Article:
The Final Entrant into the Five Nights at Freddy’s Series May be the Spookiest Yet but It Lacks the Charm of the Original.
Anyone who’s anyone has, by now, heard of Five Nights at Freddy’s. The deceptively-simple horror game has amassed a cult following in recent years for its fresh approach to the horror genre.
After spawning a sequel and a prequel, series creator, Scott Cawthon, has decided to put it to rest. And what better way to celebrate the franchise than with yet another entry to the series, Five Nights at Freddy’s 4.
Five Nights at Freddy’s 4
Developer: Scott Cawthon
Publisher: Independent Developer
Price: $7.99 USD (Steam)
The Scariest Game So Far
It’s not hard to see that Five Nights at Freddy’s 4 is the most pants-poopingly scary game in the series. The game itself is no longer set in the pizzeria (or an attraction based on the pizzeria) as the player takes on the role of a child locked in his room during a thunderstorm. Four points of entry allow for quite the varied assault from the monsters: the wardrobe, two doors on either side of the room, and the bed behind the player’s field of vision.
Camera mechanics and hall lights have been done away with. In their place, the player must continually investigate the room’s doors and scare animatronics away with his torch. The caveat to this being if one of the monsters is loitering directly outside your door, the torch is a death sentence.
Pacing has become an important part of Five Nights at Freddy’s 4.The previous instalments emphasised moving as quickly as possible to cover as many of the cameras or entry points as possible.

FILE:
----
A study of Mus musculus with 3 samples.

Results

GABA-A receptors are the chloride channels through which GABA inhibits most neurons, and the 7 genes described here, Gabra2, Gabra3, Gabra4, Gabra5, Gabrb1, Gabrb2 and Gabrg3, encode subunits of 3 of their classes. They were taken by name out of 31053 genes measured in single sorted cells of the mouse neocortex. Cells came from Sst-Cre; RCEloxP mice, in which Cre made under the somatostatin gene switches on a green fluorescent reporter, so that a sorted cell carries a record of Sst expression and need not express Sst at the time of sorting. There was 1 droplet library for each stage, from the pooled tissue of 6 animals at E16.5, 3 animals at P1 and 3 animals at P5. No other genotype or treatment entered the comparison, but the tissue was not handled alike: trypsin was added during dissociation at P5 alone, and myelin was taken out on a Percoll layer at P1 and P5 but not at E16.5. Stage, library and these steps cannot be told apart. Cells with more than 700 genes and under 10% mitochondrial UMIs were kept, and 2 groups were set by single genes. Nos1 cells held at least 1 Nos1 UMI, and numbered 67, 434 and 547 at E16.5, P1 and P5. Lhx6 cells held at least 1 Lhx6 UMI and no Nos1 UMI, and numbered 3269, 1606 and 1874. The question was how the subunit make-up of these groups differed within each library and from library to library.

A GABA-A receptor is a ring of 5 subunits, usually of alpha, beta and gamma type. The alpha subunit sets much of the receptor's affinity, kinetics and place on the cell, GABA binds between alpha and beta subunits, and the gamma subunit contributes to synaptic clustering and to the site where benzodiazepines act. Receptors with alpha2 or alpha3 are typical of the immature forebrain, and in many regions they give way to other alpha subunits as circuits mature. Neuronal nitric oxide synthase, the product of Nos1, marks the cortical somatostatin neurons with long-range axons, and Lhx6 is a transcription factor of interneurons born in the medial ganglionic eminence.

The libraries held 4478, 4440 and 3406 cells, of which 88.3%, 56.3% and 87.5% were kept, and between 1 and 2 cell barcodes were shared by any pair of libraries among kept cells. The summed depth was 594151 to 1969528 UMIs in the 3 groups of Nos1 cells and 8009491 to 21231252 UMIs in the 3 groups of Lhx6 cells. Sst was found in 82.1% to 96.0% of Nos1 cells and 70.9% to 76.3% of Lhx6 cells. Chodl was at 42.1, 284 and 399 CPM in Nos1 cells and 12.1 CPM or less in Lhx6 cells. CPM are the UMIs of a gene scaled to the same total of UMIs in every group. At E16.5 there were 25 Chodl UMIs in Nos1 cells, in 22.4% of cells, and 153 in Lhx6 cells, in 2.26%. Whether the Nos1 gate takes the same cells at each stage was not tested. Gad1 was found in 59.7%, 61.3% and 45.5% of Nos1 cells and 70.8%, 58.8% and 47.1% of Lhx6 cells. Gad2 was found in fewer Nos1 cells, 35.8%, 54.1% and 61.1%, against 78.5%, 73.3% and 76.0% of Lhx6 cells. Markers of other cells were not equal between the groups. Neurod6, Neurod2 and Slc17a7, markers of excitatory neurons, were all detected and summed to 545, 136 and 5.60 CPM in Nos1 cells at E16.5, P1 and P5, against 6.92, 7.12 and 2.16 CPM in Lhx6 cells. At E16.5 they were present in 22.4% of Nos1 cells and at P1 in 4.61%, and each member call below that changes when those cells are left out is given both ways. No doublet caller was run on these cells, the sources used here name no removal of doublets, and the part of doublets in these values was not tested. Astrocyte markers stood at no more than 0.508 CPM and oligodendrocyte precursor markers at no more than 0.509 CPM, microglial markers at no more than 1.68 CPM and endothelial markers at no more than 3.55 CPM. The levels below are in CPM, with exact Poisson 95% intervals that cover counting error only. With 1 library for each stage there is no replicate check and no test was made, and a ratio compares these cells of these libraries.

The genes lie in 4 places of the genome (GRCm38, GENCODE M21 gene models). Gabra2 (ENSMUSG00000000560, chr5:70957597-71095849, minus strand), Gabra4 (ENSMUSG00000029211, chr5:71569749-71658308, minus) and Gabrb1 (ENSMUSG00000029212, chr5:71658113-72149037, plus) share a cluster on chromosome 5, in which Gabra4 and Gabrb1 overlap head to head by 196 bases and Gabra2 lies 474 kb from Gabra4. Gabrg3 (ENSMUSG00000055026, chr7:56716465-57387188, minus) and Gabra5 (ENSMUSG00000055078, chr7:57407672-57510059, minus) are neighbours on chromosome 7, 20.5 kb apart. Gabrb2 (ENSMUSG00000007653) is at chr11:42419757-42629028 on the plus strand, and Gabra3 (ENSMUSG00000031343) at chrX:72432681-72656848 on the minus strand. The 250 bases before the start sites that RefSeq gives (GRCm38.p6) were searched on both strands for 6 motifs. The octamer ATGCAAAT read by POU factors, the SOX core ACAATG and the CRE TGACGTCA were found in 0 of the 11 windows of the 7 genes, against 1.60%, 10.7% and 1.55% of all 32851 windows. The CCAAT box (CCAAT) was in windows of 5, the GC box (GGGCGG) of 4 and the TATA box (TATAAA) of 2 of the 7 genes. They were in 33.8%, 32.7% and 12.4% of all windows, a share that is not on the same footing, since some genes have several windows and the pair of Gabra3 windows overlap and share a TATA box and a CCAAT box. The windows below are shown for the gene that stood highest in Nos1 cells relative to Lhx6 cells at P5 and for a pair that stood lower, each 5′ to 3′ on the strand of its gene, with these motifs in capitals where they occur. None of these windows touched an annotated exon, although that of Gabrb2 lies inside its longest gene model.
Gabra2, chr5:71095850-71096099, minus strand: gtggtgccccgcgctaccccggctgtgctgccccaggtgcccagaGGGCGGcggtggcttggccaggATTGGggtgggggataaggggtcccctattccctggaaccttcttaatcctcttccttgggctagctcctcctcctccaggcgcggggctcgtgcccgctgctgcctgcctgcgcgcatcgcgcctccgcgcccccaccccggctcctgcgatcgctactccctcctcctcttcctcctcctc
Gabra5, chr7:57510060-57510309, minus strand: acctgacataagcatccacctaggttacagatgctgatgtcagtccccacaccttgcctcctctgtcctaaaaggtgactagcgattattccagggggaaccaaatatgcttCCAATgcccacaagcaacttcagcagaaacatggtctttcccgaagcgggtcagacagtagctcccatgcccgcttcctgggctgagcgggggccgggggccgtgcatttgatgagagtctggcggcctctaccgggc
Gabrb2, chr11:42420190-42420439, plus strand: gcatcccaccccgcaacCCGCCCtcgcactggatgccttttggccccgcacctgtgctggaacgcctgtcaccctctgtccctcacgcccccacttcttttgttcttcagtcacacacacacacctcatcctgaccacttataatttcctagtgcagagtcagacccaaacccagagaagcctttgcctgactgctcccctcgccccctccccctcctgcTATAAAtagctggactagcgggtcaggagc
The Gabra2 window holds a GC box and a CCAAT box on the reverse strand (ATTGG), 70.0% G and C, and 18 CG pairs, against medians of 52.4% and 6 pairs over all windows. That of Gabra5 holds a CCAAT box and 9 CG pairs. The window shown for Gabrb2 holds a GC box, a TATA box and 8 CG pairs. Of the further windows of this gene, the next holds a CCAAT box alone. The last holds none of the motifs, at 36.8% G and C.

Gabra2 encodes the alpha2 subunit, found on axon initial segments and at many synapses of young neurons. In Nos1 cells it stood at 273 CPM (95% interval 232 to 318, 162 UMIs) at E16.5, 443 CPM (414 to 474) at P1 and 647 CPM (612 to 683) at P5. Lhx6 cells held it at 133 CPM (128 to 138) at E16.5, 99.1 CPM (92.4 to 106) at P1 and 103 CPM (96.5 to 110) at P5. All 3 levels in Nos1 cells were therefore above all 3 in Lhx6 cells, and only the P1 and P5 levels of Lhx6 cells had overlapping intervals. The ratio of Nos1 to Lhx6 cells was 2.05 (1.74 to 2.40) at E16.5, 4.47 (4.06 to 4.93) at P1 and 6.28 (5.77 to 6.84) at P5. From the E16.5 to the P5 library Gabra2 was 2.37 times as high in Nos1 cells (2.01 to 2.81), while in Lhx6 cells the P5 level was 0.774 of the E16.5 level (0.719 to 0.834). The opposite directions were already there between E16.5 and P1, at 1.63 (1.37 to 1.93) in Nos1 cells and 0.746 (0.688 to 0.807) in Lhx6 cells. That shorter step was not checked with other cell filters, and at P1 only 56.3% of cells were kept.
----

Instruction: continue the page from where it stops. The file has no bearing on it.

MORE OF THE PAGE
While Five Nights at Freddy’s 4 emphasises more methodical movements. Too hastily shining that torch in a panic will result in death. It’s a nice change up to the series; and to horror in general.
In Sharp Focus
Five Nights at Freddy’s 4, as we talked about earlier, has done away with much of the early warning system present in other games. Given the series’ proliferation, there are many popular strategies to allow players to coast through at least the first few levels. Indeed, even in later nights, it’s common practice to ignore the cameras except for the purposes of checking Pirate Cove/4B. Simply using the hall lights is often enough to survive.
With the changes, Five Nights at Freddy’s 4 is effectively expanding the hall lights/doors tactical game into the main focus. This makes it overall more dynamic and a fresher experience even for more tenured players.
Expanding this dynamic game of animatronic cat-and-mouse does carry with it increased difficulty. The first three games (especially Five Nights at Freddy’s 3) essentially give a free pass to players who are paying any sort of attention. Five Nights at Freddy’s 4, though, is quite punishing and challenges players from day one.
Five Nights at Freddy’s 4 is not the best game. It’s not the best representation of the series either. The increased difficulty and lack of instruction via the phone guy are barriers to entry to newer players. The nature of these factors make it seem as though Five Nights at Freddy’s 4 is the game Mr. Cawthon has made for fans of the series.
I’ve been enjoying Five Nights at Freddy’s 4. It has made some changes to speak to more experienced players of the previous games. Almost as though it was the final boss fight of Five Nights.
For all the positives that came from these alterations, there are, of course, downsides. Where the original game gave you a small view into a very rich and meaningful world of strategic depth, each subsequent game has cut into this by adding complicating factors for the sake of difficulty.
I’ll still be playing Five Nights at Freddy’s 4 but it’s the original I’ll be using to introduce everyone into the fold.